British judge: Vatican made ‘appalling’ claims in UK probe
ROME (AP) — A British judge has blasted Vatican prosecutors for making “appalling” misrepresentations to the court about their investigation into the Holy See’s investment in a London real estate deal, determining they don’t have much of a case against their key suspect.
In a remarkable ruling made public this week, Judge Tony Baumgartner of Southwark Crown Court reversed another judge’s decision to seize the British-based bank accounts of broker Gianluigi Torzi and awarded Torzi legal fees.
The Vatican had requested the seizure as part of its corruption investigation into Torzi and other suspects whom prosecutors accuse of fleecing the Holy See of millions in fees stemming from its 350 million-euro investment in a luxury building in London’s Chelsea neighborhood.
But Baumgartner ruled that the Vatican’s seizure request was so full of omissions and misrepresentations that it likely affected the original judge’s decision, which he ordered reversed. In examining whether the Vatican’s allegations justified a new asset seizure, Baumgartner concluded that the Vatican hadn’t provided sufficient evidence to make the case against Torzi.
“I do not consider there is reasonable cause to believe that Mr. Torzi has benefited from criminal conduct,” as the Vatican alleges, he wrote.
Baumgartner wrote that the Vatican’s “non-disclosures and misrepresentations are so appalling that the ultimate sanction” of reversing the asset seizure was appropriate.
The Vatican didn’t immediately provide a comment from its prosecutors’ office.
The ruling was the latest blow to Vatican prosecutors, who have sought international judicial assistance in their probe into the Secretariat of State’s investment of donations from the faithful. Vatican prosecutors have faced a series of embarrassing setbacks in foreign courts that pointed to incompetence, overreach and problems as basic as getting documents translated properly.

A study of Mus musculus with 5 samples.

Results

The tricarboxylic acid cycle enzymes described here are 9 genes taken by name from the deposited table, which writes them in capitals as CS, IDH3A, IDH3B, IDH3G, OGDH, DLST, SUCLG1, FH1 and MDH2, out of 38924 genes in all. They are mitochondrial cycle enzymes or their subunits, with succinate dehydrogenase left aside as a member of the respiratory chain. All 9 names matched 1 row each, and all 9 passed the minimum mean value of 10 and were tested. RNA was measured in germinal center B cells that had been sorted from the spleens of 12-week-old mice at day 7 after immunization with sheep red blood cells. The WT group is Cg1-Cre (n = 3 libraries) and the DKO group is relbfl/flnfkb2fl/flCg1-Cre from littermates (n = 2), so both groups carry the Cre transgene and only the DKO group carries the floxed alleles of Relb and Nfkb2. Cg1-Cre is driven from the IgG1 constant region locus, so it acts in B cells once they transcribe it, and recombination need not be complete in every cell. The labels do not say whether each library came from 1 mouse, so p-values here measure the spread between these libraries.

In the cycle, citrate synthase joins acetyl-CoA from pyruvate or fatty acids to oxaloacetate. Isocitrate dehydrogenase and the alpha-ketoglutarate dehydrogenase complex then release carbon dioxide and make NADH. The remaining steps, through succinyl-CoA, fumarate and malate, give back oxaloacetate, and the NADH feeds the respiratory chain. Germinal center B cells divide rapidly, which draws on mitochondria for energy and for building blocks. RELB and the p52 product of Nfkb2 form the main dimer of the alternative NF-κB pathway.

With carte blanche from Pope Francis, the prosecutors have been investigating the London investment for nearly two years. No one has been indicted.
Torzi is accused of embezzlement and fraud in connection with his role in helping the Holy See acquire part of the London building it didn’t already own. Prosecutors allege he extorted the Vatican for 15 million euros in fees, although Vatican monsignors and officials approved the payment and signed contracts giving Torzi voting rights in the venture.
Torzi has denied any wrongdoing and maintains his dealings with the Vatican were completely above board. Baumgartner seemed to concur, citing documentation provided by the Vatican that showed Torzi’s involvement in the deal involved “arm’s length, commercial transactions.”
Torzi’s lawyer, James Mullion of Janes Solicitors, was pleased with the ruling. He said in a phone interview, “It is rare that a court will make such a categorical finding, given that the bar is relatively low” for getting an asset seizure approved.
The bulk of Baumgartner’s 42-page ruling concerned what Torzi’s lawyers said were omissions and misrepresentations in the Vatican’s original request to freeze his bank accounts.
Baumgartner concurred with most of the key defense points, dismantling the Vatican’s claim that Torzi had been “secretive and dishonest” in his contract negotiations. The judge said the detailed, clear and signed contracts “speak for themselves.”
The judge questioned why the two top Vatican officials who authorized the deal, the No. 2 in the secretariat of state, Archbishop Edgar Pena Parra and his boss, Cardinal Pietro Parolin, hadn’t at the very least provided a witness statement to back up prosecutors’ claims that they were “astonished” by Torzi’s fees.
If the prosecutors’ account was to be accepted, Baumgartner wrote, Pena Parra and Parolin “must have had the wool pulled completely over their eyes.”
Vatican prosecutors have told The Associated Press that neither Parolin nor Pena Parra knew what their underlings were up to in negotiating such a big fee for Torzi.
The Vatican tried to keep Baumgartner’s ruling private, citing its ongoing investigation and Vatican law requiring confidentiality of documentation.
The ruling gave Vatican watchers tantalizing new details about the investigation, including Torzi’s assertion that one of the Vatican suspects offered to provide him the services of a prostitute to thank him for his work. Torzi said he declined the offer.
The judge ordered the ruling published, saying there was already so much information in the public domain and that he didn’t believe the Vatican tribunal’s judges would be prejudiced by his ruling.
“The fact that an investigation is confidential in another jurisdiction does weigh in my mind,” he wrote. “But to my mind, such a blanket claim does not sit well with the principle of open justice.”